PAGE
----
St. Rose Duchesne was an immigrant to the United States. So were St. John Neumann and St. Theodore Guerin.  St. Frances Xavier Cabrini was an immigrant, too.

The Church in America has been an immigrant Church since the very beginning. We should not be surprised that some of our greatest saints have been among the people who’ve traveled to America seeking something.

The truth is that the Church in America is made up of immigrants because America is made up of immigrants. Apart from Native Americans, this country has been populated by waves of people who’ve come from Europe and Africa, from Asia and from Latin America. The United States is a place where people have long gathered from everywhere, seeking safety, or prosperity, or liberty.

For more than 200 years, people have come to America to pursue the ideals our nation represents.

Today most people would agree that immigration policy needs to be reformed. The complexity of the immigration process calls for standardization and simplification. Comprehensive reform should be undertaken in a manner that respects the dignity of the human person, the sovereignty of the family and the important realities of national security.

But in addition to immigration reform, our nation, and our state, needs to find ways to ensure that all who have come to America are subject to laws that are just and reasonable. We cannot resolve our immigration problems without laws that respect human dignity and promote human potential.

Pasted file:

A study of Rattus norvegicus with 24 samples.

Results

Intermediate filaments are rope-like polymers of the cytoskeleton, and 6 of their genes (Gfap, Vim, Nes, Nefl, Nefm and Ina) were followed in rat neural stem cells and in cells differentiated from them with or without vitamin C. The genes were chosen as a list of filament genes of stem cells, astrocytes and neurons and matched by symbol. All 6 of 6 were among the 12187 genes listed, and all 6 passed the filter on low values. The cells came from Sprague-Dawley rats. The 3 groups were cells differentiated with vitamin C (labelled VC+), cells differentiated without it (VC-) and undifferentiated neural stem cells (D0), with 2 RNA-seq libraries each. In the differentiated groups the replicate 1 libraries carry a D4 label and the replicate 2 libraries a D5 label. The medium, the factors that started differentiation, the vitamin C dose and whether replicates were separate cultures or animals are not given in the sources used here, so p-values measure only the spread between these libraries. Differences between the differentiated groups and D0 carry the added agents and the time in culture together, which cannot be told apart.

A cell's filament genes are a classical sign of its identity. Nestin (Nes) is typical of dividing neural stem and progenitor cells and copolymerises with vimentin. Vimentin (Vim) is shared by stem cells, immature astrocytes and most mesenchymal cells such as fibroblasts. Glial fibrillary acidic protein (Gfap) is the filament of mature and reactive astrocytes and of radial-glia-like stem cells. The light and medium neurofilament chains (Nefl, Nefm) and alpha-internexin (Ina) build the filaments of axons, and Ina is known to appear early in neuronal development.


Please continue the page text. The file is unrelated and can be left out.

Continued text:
The Colorado Senate Education Committee heard testimony last week on SB-33, the Colorado ASSET bill. Colorado ASSET provides in-state tuition at state colleges and universities to undocumented Coloradans who have attended and graduated from Colorado high schools and who are seeking to regularize their immigration status.


Opponents of the bill suggest that ASSET will incentivize illegal immigration, or reward people who have violated the law. But the beneficiaries of ASSET are young people, most of whom did not choose to come to Colorado. And they’re people who’ve proven an eagerness to participate in public life. Supporting young people willing to engage in the American promise ensures social stability, economic promise for our state, and a richer public and cultural life.

Colorado ASSET will not solve the immigration problems in our country. Immigration law requires comprehensive and serious reform. But ASSET will help.

We need more American saints. We need a new generation of Nuemanns and Cabrinis. Education is always a step in the right direction.

Colorado ASSET will help form minds and help form people to be good citizens. It may also help to form the next generation of America’s immigrant saints.

Archbishop Samuel J. Aquila
Archbishop Samuel J. Aquila
The Most Rev. Samuel J. Aquila is the eighth bishop of Denver and its fifth archbishop. His episcopal motto is, "Do whatever he tells you" (Jn 2:5).